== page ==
Reed and his men’s four team-mates picked off rivals Australia to finish first in 5:58.26 minutes, as they were roared on by a loud home crowd.
Reed insists that his boat of Tom James, Andrew Triggs-Hodge and Alex Gregory are in the right form to complete the job, and is enjoying the responsibility of being the tactician.
“We have another gear,” said Reed, who will now look to claim a second gold in the men’s four.
“We were rowing better in the first 1,000 (metres) than in our heats, and then it was just job done. Then it was maintaining what we had to do and limiting our efficiency.
"In that race, there was lots of pressure, but I felt alive on the start, ready and buzzing. Whatever the Australians do, we can do as well. I don't think we've seen the best from Hodgey or TJ, and my engine is phenomenal at the moment.
"I only need to say one word to the crew for them to go. It's my job as tactician and leader of the boat that it comes at the right time, and our gear changes come at the right time.”
Reed, a serving lieutenant in the Royal Navy, thanked the crowd for their efforts and believes they really act as an extra man in the boat.
He said: “We've heard them on the start, and we've seen enough racing so far to know that when the cameras are on the British boat you can hear a roar. We felt that from the start.
"I was just sitting up and felt enormous pressure. I felt alive. Coming into the last 500m is where the crowd makes a difference.
"Coming into the last 250m, you can't slow down when the crowd are shouting because the other crews know they are shouting for us and not them. So thank you to the crowd for supporting us so well."
Katherine Copeland and Sophie Hosking stormed into the final of the women’s lightweight double scull, beating world champions Greece, who finished second.
The pair crossed the line in clear water in a time of 7:05.90 mins and Hosking says the focus is now straight on the final on Saturday.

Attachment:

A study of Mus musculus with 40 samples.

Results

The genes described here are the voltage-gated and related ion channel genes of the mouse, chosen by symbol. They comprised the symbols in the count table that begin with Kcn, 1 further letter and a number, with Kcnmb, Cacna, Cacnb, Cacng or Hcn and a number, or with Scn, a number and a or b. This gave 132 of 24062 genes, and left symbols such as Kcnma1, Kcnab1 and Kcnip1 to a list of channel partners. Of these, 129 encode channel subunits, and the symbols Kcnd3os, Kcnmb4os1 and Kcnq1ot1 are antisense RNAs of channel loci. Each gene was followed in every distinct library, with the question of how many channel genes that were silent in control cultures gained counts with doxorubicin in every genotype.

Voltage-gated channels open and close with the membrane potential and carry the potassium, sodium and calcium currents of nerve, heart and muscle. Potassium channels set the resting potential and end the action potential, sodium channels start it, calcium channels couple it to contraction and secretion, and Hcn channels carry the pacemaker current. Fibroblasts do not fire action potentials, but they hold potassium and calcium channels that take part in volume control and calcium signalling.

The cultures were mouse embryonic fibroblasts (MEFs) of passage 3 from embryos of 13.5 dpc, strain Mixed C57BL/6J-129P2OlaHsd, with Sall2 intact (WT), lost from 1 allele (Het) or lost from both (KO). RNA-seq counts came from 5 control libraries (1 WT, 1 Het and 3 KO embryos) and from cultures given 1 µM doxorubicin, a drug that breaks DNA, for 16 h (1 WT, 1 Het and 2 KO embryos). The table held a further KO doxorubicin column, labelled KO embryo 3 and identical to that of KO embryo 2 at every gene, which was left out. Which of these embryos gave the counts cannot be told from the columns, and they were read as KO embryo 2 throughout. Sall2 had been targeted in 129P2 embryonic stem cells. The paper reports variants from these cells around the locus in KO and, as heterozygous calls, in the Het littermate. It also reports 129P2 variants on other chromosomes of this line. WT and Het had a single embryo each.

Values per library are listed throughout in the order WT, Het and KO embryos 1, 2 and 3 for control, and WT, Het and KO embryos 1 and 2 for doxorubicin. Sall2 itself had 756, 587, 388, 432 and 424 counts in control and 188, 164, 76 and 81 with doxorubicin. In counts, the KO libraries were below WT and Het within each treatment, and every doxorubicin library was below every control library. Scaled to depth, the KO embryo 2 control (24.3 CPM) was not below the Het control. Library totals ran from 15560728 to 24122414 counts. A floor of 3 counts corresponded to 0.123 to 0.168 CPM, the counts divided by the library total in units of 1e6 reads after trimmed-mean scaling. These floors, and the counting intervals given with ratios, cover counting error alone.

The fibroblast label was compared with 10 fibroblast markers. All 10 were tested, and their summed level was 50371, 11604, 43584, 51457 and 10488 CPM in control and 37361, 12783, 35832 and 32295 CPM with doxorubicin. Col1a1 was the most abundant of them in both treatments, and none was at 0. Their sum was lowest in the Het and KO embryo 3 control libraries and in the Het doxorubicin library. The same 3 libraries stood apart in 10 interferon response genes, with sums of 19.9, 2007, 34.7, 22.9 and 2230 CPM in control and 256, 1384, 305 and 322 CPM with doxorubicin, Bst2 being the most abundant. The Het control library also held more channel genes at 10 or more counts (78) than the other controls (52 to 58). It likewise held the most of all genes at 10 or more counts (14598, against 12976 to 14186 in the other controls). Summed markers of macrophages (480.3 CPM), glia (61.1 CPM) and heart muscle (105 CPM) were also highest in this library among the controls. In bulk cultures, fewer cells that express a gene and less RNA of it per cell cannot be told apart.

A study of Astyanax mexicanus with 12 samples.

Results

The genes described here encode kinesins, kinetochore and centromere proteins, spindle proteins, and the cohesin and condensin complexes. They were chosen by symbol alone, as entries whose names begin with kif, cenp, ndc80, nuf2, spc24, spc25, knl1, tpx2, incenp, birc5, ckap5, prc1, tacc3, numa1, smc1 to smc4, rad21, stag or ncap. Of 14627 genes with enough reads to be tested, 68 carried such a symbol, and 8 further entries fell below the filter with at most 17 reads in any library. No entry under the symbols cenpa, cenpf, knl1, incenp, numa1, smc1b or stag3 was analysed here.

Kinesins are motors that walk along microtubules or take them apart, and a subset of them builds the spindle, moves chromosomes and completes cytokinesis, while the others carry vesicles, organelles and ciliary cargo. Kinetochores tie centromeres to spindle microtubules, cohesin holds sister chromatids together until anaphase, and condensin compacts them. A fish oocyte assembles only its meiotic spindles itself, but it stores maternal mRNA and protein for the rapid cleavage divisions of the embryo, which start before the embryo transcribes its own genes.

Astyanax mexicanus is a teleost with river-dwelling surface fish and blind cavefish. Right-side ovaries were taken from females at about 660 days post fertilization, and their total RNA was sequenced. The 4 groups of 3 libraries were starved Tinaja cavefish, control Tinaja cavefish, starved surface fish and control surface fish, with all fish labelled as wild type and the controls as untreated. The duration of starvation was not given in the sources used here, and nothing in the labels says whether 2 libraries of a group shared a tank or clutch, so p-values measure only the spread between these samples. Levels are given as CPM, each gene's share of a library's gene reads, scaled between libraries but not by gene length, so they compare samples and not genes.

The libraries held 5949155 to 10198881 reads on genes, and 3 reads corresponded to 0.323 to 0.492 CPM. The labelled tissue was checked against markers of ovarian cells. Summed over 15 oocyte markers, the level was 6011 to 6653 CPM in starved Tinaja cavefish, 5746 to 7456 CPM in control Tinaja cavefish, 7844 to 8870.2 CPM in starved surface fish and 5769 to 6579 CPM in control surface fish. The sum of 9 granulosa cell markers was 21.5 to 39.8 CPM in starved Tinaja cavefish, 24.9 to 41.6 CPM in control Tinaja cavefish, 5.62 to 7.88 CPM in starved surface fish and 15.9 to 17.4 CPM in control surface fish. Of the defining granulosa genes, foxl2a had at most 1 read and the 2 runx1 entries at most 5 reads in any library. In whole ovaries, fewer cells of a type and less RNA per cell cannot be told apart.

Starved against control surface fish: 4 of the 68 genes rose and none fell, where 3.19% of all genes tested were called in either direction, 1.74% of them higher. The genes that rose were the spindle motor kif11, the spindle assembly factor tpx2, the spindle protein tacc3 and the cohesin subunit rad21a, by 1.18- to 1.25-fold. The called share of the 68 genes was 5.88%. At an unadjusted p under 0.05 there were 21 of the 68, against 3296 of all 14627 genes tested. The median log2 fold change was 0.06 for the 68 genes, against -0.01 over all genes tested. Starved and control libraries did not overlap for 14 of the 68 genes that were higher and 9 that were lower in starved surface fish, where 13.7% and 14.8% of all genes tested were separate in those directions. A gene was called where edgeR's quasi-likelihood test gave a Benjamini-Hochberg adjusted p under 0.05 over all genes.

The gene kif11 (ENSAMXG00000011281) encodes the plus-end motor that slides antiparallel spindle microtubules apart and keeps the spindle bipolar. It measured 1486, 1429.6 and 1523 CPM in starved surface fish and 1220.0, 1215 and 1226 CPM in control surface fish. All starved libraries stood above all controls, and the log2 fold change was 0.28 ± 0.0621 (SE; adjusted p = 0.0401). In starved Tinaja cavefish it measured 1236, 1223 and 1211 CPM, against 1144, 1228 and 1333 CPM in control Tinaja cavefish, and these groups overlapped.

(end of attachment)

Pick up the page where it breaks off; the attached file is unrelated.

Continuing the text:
She said: “There’s a job to be done. We talk a lot about being calm and having intensity in what we do when we race, but we’ve got to have the utmost desire in our boat, but we’ve got to be calm in that.
“Things will be going on around us, but we have to be fully committed to what we’re doing and I think we showed that today – our confidence is growing.”
Defending champions in the men’s lightweight double scull pair Zac Purchase and Mark Hunter saw themselves through to a second successive final in 6:36.62 mins.
However, despite looking comfortable for much of the race, Purchase and Hunter needed a strong last 100m to ensure they beat their French rivals.
Hunter admitted that he and Purchase have a lot to do when it comes to the final, but promised all will be done to win that gold medal.
“We will raise our game for the final,” said Hunter.
“Today wasn't our best row but it was quite challenging and we had to win the race to get a good lane in the final – I am confident.
“We've had two good races together, beaten two great crews and put ourselves in a really good position for Saturday."
In the men’s double sculls pair, Bill Lucas and Sam Townsend gave their all but could only finish in fifth place, despite a fantastic start.
Lucas and Townsend were in a bronze medal position at the halfway stage, but tired over the last 750m, eventually finishing in a time of 6:40.54 mins.
Meanwhile, the women’s eight finished in fifth place in their final in a time of 6:18.77 mins, behind the experienced USA crew – the current world champions – who won in 6:10.59 mins.